Having an infant with a cold can be distressing for parents. Cough, congestion, and sore throats can affect their sleep, their eating habits, and they may be more irritable.
Parents often bring their babies and young children into my office asking what they can do to alleviate their baby or child’s cold symptoms. Unfortunately, there is not a cure for the cold. But we can help ease some symptoms.
What About All of Those Products Available In Pharmacies?
Many of the products available on the shelves of pharmacies are not suitable for young children or babies for the treatment of the common cold.
In fact, Health Canada requires that all cough and cold products are labeled that they should not be used in children under 6 years old.
What You Should Avoid And Why
- Examples: diphenhydramine, brompheniramine, chlorpheniramine
- No benefit in the treatment of the common cold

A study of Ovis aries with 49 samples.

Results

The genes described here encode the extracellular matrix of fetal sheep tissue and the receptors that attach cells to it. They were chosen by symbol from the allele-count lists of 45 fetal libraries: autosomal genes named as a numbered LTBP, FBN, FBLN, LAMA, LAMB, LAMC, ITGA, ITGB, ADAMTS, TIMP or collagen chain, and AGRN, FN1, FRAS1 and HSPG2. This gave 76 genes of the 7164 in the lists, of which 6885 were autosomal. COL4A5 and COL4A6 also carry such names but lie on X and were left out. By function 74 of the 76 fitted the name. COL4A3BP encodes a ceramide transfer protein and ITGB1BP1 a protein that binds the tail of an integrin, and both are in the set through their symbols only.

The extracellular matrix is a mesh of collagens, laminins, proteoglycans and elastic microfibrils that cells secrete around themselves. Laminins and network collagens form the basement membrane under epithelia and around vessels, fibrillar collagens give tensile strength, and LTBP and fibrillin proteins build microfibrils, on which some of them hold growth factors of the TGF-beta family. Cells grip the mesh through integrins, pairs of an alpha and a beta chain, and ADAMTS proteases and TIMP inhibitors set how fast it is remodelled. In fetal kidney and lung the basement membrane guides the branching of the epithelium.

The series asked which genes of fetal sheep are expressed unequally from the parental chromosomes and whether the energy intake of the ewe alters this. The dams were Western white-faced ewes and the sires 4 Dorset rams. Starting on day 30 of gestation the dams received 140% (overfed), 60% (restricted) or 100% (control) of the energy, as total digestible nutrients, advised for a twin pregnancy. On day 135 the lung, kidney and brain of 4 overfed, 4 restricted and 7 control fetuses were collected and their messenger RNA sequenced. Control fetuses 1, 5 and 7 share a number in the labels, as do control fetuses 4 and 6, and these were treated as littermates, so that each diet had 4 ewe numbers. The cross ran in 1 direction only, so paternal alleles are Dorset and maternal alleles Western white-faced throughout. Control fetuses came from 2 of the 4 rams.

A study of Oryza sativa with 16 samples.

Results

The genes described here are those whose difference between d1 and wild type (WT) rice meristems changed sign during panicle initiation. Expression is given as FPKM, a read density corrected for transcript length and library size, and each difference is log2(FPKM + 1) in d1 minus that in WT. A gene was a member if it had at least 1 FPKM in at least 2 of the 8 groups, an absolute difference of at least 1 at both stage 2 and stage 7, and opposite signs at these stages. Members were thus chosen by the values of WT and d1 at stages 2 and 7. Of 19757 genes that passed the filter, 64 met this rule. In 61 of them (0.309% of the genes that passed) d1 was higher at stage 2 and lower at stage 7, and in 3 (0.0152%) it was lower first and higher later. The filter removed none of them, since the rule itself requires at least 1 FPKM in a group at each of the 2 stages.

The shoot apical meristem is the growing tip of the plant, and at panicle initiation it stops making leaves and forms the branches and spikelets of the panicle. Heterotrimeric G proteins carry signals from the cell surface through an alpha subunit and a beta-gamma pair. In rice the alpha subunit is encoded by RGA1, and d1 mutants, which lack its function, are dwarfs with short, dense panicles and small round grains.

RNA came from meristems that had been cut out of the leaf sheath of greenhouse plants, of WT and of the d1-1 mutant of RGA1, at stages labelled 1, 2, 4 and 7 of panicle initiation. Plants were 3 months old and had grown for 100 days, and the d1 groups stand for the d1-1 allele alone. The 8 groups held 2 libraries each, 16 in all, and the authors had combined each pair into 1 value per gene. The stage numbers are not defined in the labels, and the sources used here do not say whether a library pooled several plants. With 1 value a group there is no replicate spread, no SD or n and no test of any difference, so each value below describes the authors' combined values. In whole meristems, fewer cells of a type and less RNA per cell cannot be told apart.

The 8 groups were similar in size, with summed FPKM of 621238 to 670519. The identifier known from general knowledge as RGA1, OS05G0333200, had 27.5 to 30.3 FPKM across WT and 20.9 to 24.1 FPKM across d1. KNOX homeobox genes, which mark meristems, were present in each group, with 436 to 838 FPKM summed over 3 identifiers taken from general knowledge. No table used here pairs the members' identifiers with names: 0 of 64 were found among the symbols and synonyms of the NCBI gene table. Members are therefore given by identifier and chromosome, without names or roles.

- Many potential side effects including sedation, paradoxical excitability, slowed breathing, hallucinations
Antitussives (Cough Medicine)
- Example: dextromethorphan
- Lack of proven benefit in children
- Risk for overdose due to lack of evidence in children causing slowed breathing or behavioural disturbances
- Example: guaifenesin
- No benefit in the treatment of cough in children
- Examples: phenylephrine, pseudoephedrine
- Benefits are unproven in children
- Potential for harm due to overdose and enhanced side effects seen in children (increased heart rate, irritability, sleeplessness, seizures)
- Examples: menthol, camphor or eucalyptus
- Menthol does not improve nasal airflow in studies
- Potential side effects include burning sensations of the skin, nose and eyes, rash/redness of the skin where it is applied z
- Examples: Coryzalia
- No evidence to support the efficacy in the treatment or prevention of colds in children
- Side effects poorly report so safety cannot be established
Always ask your doctor or pharmacist which medicines or treatments are safe and effective for treating your child’s cold.